By Michelle Moore, MD Anderson Staff Writter
After graduating from college, I found myself in what I call a "post-grad" crisis. It's the time in your life where you ask yourself things like "How can I make a difference?" and "What matters?" Those were the kinds of questions weighing on my mind before I came on board as an intern in the Communications Office at MD Anderson, 10 months ago.
Today, I am four months into my new position as an official employee at this institution. And, while the answers to these questions are constantly evolving, I am now very sure that I am on the right track.
70 years and counting
What was meant to be only a six-week summer internship turned into a six-month internship. Why? Because I simply fell in love with this outstanding institution and everything it represents.
I feel so honored to be celebrating MD Anderson's 70th year, in spite of the fact that this institution was established almost 50 years before I was even born.
It doesn't matter if you've been here 20 years or 20 days -- you can't help but feel a sense of pride in all that MD Anderson has done and continues to accomplish.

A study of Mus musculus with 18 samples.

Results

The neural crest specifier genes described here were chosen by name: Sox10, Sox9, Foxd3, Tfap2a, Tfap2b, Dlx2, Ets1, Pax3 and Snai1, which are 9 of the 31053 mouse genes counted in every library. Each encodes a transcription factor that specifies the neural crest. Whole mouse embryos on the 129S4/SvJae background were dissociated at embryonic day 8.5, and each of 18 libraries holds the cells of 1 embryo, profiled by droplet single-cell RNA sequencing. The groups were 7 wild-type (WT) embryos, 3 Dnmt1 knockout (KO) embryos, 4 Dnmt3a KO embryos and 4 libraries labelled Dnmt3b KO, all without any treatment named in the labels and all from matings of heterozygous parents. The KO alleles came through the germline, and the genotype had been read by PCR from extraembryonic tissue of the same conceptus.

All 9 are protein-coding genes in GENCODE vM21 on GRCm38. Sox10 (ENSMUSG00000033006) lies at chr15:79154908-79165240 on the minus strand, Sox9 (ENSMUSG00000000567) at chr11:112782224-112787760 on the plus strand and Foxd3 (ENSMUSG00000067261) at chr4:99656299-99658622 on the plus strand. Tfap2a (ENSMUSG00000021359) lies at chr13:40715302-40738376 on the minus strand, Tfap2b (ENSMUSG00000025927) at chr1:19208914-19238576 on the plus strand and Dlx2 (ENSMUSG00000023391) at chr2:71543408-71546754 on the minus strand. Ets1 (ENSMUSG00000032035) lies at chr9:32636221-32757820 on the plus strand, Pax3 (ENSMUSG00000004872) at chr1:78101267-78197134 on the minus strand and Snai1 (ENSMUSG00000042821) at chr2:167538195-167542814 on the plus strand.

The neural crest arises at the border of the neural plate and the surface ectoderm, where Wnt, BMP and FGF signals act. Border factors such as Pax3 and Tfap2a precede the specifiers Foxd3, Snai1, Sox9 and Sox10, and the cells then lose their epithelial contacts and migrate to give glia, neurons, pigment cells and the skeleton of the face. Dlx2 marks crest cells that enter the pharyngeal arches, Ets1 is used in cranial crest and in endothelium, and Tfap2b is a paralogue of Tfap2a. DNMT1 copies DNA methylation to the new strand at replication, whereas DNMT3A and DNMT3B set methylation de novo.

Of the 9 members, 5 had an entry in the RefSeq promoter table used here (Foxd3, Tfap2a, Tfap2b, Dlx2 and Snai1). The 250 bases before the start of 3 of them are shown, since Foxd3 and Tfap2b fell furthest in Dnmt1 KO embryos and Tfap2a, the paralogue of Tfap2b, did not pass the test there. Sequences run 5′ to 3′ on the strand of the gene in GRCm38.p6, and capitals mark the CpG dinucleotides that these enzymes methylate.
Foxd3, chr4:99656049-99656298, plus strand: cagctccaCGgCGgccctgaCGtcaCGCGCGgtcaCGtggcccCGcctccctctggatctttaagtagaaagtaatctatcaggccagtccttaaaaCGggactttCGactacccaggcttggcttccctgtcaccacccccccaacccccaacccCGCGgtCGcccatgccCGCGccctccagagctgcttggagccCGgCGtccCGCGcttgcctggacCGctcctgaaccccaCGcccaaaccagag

I graduated knowing that whatever my degree plan, I wanted to make a difference. Never did I imagine I would find a job -- and my first one at that -- that would allow me to do what I love and at the same time be a part of such an extraordinary, unparalleled vision.
The best when it comes to the business of cancer, MD Anderson is also the best in the business of people. It is, simply put, a place of hope, where everyone, from the valets to the nursing staff and doctors, understands the fears and uncertainties patients often experience throughout their cancer journeys.
I have the privilege of working side by side every day with some of the most talented, dedicated and driven people I have ever known. All have one mission in mind: Making Cancer History®.
As I took in all the festivities at MD Anderson's 70th anniversary celebration at Minute Maid Park on May 5, I felt a plethora of emotions. Privileged, to be a part of the No. 1 cancer center in the world. Saddened, to know that there are so many suffering from this horrible disease known as cancer. But most important, blessed to be able to wake up every morning knowing what really matters: family, friends, faith, love ... and hope, something this institution offers to more than 100,000 patients every year.
Working here, your priorities become evident and your gratitude grows to immeasurable heights. It's impossible to go to work and interview a mother who's lost her child to leukemia and then go home and spend the evening mad because the cable is out or someone cut you off on the road. Little things like that no longer occupy a space in my thoughts.
I have many close family members who have passed away due to cancer, and I even have some who are currently being treated at MD Anderson. I know firsthand how real cancer is, but just as real are the amazing strides that are taking place, right here where I work.